The Federal Government wants to decommission the liquidated Northern Endeavor without paying for it but first must battle a creditor in court over possession of the oil vessel.
Resources Minister Keith Pitt yesterday announced his decision to decommission the Northern Endeavor "but taxpayers should not be left to bear the costs."
"We have been working closely with the offshore oil and gas industry on proposals to recover the costs," Pitt said.
The ageing vessel has not produced oil since July 2019 when offshore safety regulator NOPSEMA ordered that production cease until safety issues were addressed.
Then owner Northern Oil and Gas Australia lacked sufficient liquidity to fix the problems without constant income, and the single-asset company was liquidated in February.
The Government was left responsible for the facility that has proved to be a money pit.
Since February, the Government has spent $81 million to keep the vessel in so-called lighthouse mode - manned, safe, but not producing oil – and costs continue to accumulate at about $5 million a month.
Pitt's move puts an end to the possibility that the Northern Endeavor and its oil fields could continue to operate under a new owner.
The most significant expense is to come. Woodside, that sold the Northern Endeavour to NOGA in 2016, estimated in 2015 that decommissioning the field could cost about $350 million.
The decommissioning bill will mostly be spent on plugging and abandoning wells drilled by Woodside when it operated the field for 17 years.
There are 22 wells in the titles NOGA owned according to the National Offshore Petroleum Information Management System that does not specify if any wells are already plugged.
Who gets to sell the Northern Endeavour?
As Pitt announced his plan for the Northern Endeavor lawyers for his department were arguing in the NSW Supreme Court with the other big financial loser from the collapse of NOGA: Castleton Commodities International.
CCI subsidiary CCMA bankrolled NOGA's operations and is a secured creditor owed $124 million.
CCMA has sought a court order to force the Government to hand over the vessel it has a secured interest in.
The 274m-long Northern Endeavour can be disconnected and towed away. Boiling Cold understands it could fetch many tens of millions of dollars from a buyer that wants to refurbish it for use elsewhere.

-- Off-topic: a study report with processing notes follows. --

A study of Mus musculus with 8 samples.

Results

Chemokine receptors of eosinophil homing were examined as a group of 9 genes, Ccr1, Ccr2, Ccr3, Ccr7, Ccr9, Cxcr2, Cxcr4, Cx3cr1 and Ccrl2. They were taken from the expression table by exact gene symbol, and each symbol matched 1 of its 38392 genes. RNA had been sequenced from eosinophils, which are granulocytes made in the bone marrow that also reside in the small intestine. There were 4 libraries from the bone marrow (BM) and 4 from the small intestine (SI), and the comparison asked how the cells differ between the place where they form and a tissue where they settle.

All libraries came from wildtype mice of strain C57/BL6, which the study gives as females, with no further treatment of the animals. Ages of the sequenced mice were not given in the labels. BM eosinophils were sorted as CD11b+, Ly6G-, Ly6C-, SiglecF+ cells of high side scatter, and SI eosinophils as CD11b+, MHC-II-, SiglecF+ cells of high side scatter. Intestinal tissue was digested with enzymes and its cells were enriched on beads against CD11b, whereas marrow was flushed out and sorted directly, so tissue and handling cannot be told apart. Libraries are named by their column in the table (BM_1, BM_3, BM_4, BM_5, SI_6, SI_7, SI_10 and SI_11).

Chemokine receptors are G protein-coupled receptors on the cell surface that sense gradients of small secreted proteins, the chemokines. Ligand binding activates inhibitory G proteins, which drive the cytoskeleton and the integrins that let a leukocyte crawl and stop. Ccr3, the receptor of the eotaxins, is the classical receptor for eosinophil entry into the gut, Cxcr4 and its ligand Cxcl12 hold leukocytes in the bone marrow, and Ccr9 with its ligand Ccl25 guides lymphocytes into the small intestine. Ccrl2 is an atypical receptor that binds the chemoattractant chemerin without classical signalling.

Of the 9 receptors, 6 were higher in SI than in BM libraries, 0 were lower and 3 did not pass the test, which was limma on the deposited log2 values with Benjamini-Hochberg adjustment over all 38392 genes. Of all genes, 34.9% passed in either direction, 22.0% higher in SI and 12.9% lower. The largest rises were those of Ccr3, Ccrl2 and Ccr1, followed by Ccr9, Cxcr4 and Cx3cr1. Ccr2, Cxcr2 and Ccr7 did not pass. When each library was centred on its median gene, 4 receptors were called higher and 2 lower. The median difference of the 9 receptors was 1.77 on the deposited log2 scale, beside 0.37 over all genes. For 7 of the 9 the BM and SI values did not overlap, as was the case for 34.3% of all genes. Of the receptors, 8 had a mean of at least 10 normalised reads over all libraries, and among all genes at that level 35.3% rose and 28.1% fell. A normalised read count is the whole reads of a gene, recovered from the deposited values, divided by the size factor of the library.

However, the Government argued that it has an equitable lien over the Northern Endeavour: a right to secure debt with a property being looked after that is awarded by the court to achieve fairness.
In simple terms, both the Government and CCMA want to sell the Northern Endeavour to reduce their losses.
The CCMA lawyer argued that the Government should not be awarded a lien, in part because it had contributed to the problem. This likely refers to the Government allowing a small, inexperienced company to take over a complex ageing asset with a sizeable decommissioning liability.
The two sides also differed on timing. CCMA wants the vessel as soon as possible, but the Government does not plan to disconnect it until the end of 2021.
Yesterday's preliminary hearing focused on whether CCMA could view a report into how best to decommission the Northern Endeavor produced for the Government by Woodside for $8.8 million.
The Government lawyer said the Woodside report addressed a significant environmental problem that might happen in the Timor Sea if not handled properly and referred to the risk of discharge of "considerable quantities of hydrocarbons into the ocean."
The Government argued that the Woodside report was used to prepare a submission to Cabinet and is covered by Cabinet confidentiality.
Who pays the clean-up bill?
Arguments over access to the Woodside report will continue later this week.
Even if the Government eventually wins the right to sell the Northern Endeavour, it is likely to be left with an enormous decommissioning bill.
A lead contractor will be appointed through a global open tender process "to achieve the best result at a reasonable price."
Pitt then must work out how that "reasonable price, less anything from the sale of the Northern Endeavour, does not fall on the taxpayer.
When NOGA first failed, an industry levy was raised as a possibility to shield the taxpayer from the expense.
Australian oil and gas producers will be hoping that the Government gets to sell the Northern Endeavour at a good price and the decommissioning contractor is much cheaper than Woodside's $350 million estimate in 2015, otherwise they may be reaching very deeply into their own pockets.
Main image: Northern Endeavour oil facility. Source: Anon.